NAB 2016: Disney’s Sherwood Touts Broadcasting’s ‘Superpower’

In wide-ranging keynote, credits Lee and Sweeney on diversity, expands affiliate streaming

Las Vegas—Ben Sherwood, co-chairman of Disney Media Networks and president of Disney-ABC Television Group, acknowledged downward ratings pressure on broadcast networks and stations but asserted their “superpower” to reach broad audiences during an opening-day keynote session.

Dismissing the premature obituaries that have been written for decades about the TV business, he took the audience back to the 1998 NAB Show, which featured an address by Disney’s current CEO, Bob Iger. His “call to action” continues to resonate, Sherwood said. “We must think bolder and bigger. We must harness some of the radical energy to reimagine our businesses.”

Sherwood noted that local broadcasting in 2015 created $1.4 trillion of economic activity and created 2.65 million jobs. More fundamentally, the bond between viewers and local broadcasters cannot be duplicated, he argued. “No app, no device is ever going to replace that relationship,” he said. “That is our superpower. That is our competitive advantage.”


“We are pioneering creative, three-way distribution arrangements among ABC, our affiliates and video providers. These efficient, turn-key deals allow our affiliates to opt into partnerships that work for them, preserving the powerful local-national relationship while expediting the delivery of their signals.”


Innovation, Sherwood said, is crucial in a media landscape which offers 25 different ways to watch a single TV episode. More video content is uploaded to YouTube in 60 days, he said, than the three oldest broadcast networks created in their first 60 years of existence.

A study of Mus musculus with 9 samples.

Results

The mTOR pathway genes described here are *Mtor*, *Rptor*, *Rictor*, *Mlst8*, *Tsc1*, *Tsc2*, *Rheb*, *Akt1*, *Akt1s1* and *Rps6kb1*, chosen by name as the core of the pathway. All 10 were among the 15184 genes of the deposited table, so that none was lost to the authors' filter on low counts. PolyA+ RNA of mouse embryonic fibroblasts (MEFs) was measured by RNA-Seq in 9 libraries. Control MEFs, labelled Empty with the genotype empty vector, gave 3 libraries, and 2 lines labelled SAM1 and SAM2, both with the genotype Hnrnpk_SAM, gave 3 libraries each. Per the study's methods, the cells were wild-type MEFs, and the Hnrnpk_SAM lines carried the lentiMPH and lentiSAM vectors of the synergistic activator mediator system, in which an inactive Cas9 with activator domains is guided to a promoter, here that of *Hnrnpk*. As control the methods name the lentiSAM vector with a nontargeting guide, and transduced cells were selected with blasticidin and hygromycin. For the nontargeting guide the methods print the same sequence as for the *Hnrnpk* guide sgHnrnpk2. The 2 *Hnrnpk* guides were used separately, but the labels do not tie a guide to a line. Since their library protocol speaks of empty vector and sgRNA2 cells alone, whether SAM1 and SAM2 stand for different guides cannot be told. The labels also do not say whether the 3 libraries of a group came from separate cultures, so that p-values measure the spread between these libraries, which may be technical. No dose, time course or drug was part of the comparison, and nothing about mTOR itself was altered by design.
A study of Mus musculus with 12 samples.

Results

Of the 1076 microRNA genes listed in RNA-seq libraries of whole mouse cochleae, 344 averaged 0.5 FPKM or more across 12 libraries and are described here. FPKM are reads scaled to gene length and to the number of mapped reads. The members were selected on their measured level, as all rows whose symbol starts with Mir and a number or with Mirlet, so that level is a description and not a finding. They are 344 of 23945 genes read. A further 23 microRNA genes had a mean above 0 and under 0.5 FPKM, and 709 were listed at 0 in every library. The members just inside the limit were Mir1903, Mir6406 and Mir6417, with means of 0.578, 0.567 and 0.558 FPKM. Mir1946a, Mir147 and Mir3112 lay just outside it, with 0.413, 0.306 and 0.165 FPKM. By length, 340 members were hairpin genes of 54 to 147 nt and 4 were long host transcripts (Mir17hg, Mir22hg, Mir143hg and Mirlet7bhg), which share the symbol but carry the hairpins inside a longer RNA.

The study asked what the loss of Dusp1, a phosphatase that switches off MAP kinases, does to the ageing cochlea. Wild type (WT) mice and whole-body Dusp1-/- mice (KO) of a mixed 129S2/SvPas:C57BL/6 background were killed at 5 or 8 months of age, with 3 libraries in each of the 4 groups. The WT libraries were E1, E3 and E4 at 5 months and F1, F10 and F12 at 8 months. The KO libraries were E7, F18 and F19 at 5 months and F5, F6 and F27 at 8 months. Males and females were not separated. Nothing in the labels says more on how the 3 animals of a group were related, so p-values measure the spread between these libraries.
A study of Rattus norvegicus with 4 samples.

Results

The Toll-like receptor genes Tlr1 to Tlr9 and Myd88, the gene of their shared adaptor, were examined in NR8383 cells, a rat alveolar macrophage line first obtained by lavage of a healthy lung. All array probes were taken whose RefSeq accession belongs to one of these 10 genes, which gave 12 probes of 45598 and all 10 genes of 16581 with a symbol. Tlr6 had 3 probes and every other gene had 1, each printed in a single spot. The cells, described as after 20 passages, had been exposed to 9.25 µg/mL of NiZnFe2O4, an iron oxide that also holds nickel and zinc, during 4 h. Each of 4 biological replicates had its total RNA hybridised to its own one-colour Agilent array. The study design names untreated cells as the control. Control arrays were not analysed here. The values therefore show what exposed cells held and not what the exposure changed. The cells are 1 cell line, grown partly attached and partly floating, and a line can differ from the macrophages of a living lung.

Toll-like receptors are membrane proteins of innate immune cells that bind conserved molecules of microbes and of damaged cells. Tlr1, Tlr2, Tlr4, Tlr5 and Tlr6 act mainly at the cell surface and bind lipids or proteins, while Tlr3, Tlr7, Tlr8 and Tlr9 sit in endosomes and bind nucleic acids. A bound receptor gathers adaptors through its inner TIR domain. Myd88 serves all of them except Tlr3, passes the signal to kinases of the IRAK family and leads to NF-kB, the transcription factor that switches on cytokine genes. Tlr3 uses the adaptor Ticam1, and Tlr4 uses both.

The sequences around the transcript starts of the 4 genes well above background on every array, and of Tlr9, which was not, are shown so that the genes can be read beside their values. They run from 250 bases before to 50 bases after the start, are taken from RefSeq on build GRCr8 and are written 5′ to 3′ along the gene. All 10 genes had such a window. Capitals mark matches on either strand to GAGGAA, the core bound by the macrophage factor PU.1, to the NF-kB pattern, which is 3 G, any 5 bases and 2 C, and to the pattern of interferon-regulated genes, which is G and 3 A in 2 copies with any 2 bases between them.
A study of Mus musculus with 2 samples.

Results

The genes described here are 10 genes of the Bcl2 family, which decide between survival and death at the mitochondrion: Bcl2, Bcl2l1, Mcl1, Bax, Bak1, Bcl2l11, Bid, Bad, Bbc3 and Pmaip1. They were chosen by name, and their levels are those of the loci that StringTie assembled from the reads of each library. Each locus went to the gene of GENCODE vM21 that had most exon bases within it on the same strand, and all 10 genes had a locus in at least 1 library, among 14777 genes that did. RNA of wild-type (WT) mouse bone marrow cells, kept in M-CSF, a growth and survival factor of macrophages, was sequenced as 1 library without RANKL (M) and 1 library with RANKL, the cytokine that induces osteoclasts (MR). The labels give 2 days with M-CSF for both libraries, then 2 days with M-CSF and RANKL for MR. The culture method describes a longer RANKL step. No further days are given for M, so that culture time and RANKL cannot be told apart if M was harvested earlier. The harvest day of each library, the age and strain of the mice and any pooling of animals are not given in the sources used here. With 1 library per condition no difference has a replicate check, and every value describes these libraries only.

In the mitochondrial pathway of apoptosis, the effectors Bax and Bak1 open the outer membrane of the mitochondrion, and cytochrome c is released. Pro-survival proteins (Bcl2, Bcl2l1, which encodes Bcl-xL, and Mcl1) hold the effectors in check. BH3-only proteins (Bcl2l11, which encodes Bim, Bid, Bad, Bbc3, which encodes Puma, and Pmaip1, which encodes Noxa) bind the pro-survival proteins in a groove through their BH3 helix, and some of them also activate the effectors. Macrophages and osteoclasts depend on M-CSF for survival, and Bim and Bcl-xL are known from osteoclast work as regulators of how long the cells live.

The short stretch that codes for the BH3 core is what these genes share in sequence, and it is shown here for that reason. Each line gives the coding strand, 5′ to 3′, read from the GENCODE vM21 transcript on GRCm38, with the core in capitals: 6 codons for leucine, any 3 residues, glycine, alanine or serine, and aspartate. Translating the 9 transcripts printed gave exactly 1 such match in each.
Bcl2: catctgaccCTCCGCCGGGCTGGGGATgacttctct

"America looks and feels different than it did 50 years ago, 20 years ago, 10 years ago," he told Smith. "You'll see us, in harmony with the audience, making shows that are as popular and relevant and compelling as they can be. And that means the people on the shows and the people making the shows are going to be looking at and talking about different things."


"I have to say that I might be the first person to get an award here for getting his head blown off," Woodruff quipped. His 10-minute remarks covered everything from his summers as a lineman for cable companies to his first on-air report in Redding, Calif. to his travels in Beijing as the Tiananmen Square rebellion took shape. Movingly, he described the arduous recovery from his injury, in a hospital ward where he lay unconscious for 36 days. Because of soldiers who attended to him in the field and got him medical care quickly, he pulled through.

"The men and women who volunteer to serve our country -- their quick action and their bravery is the very reason I am alive today," Woodruff said.